Haysville native melds passions building jet enginesFebruary 8, 2019
By CANDY NEAL
MIDDLETON, Conn. — Jacob Hemmerlein is parlaying his interest in aviation and engineering into a career.
The 23-year-old Haysville native is in Connecticut working for Pratt & Whitney, a United Technologies aerospace company, as an assembly technician mechanic.
“I basically build commercial jet engines,” he said.
He makes it sound so basic, but it’s not.
Every day, Jacob goes in to Pratt & Whitney in the afternoon; he works second shift. He and a crew are assigned a specific kind of engine They get updates on anything they need to know from previous shifts gather their supplies, and pull up a computer program that has their instructions. And then they’re off to work.
“We pretty much go from the beginning to the end of putting together the main parts of the engine, then the tubes and wiring,” Jacob said. “It’s a full day, typical day.”
The engines are used in commercial airplanes, for airlines.
Jacob, son of Brian and Tammy Hemmerlein, has been in Connecticut since August. He graduated from Purdue University in December 2017 with a degree in aeronautical engineering technology. “It was a mix of like maintenance and engineering and technician work,” he said. The degree allowed him to receive federal certification for doing maintenance on airplanes.
Jacob’s interest in aviation started with his love for history, which he got from his father.
“I really enjoy history, especially World War II era history,” Jacob said. “My dad shared with me his interest in WWII-era airplanes and such.”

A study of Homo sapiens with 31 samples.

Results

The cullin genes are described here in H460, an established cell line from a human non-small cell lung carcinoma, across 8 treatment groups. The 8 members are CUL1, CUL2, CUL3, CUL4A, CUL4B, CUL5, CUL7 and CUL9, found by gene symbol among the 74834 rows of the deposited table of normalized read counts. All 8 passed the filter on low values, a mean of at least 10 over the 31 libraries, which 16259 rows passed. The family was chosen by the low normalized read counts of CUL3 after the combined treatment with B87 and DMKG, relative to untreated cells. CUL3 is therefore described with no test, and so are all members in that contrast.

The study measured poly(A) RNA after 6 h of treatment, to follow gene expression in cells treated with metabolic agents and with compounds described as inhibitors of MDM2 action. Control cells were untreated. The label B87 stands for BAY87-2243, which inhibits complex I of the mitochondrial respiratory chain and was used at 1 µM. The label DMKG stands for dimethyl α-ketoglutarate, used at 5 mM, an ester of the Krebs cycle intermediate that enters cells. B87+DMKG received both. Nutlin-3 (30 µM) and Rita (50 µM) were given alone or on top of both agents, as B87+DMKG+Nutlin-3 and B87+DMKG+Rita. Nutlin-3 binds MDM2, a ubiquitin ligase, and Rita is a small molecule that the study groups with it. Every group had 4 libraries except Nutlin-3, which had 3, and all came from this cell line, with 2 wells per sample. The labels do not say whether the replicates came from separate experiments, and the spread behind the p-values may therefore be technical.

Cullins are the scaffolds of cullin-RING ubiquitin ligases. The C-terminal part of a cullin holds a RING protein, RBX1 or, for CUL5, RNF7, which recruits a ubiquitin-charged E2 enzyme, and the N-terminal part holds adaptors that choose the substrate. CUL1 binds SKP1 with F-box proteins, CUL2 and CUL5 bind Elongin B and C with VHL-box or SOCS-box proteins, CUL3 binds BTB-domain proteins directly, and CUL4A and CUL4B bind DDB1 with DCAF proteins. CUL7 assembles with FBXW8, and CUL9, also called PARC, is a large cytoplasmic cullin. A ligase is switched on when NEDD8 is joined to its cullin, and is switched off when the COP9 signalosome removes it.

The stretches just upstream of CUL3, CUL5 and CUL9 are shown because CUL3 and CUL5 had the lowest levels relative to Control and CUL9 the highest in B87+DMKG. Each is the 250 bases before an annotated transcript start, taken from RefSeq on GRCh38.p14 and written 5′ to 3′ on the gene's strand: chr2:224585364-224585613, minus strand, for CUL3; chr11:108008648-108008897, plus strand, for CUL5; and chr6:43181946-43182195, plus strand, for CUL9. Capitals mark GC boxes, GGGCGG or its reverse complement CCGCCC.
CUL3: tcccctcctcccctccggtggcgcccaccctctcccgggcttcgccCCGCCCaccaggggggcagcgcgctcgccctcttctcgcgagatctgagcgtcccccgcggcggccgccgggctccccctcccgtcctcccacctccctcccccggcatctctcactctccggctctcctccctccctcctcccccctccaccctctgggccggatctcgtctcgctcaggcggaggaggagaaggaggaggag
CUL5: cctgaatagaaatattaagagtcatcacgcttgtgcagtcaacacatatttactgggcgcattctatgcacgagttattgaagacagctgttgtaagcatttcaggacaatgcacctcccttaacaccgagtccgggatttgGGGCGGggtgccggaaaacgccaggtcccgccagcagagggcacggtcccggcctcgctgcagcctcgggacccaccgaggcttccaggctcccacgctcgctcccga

As he got older, he decided to study aviation and aviation history. He interned at the Huntingburg Airport when he was a senior at Northeast Dubois High School.
“And that solidified it more for me,” Jacob said.
At the airport, he created 3D models of buildings of the airport, which show up on Google Earth. He learned about modeling while in school, through his Project Lead the Way curriculum.
“So if pilots wanted to come in and see exactly where the building was before they flew in, and see what it looked like from the outside, they could do that through Google Earth,” Jacob said.
He returned to the airport as a junior in college for another internship.
“It was more hands-on,” he said, “like airfield operations, maintaining the grounds. I would greet customers to help with parking the planes or refueling. It was a lot more face-to-face contact with pilots and customers.”
And now, in his current job, he works with a crew of people. And he is applying what he learned in school and his internships.
“In school, you’re messing with the turbine engines they have in the labs. Once you mess with one turbine engine, it’s kind of the same for any other turbine engine,” he said. “Some parts may change, but it all has the same core distinction and characteristics.”
He knows that this is the first step in his career. And he is excited about what will come in the future.
“I’ve always wanted to do engineering. This is a little bit different than what I originally planned. So it’s more about the experience at this point,” he said. “The mechanics and assembly side is what I expected. The work environment, the flow is what you can’t predict.”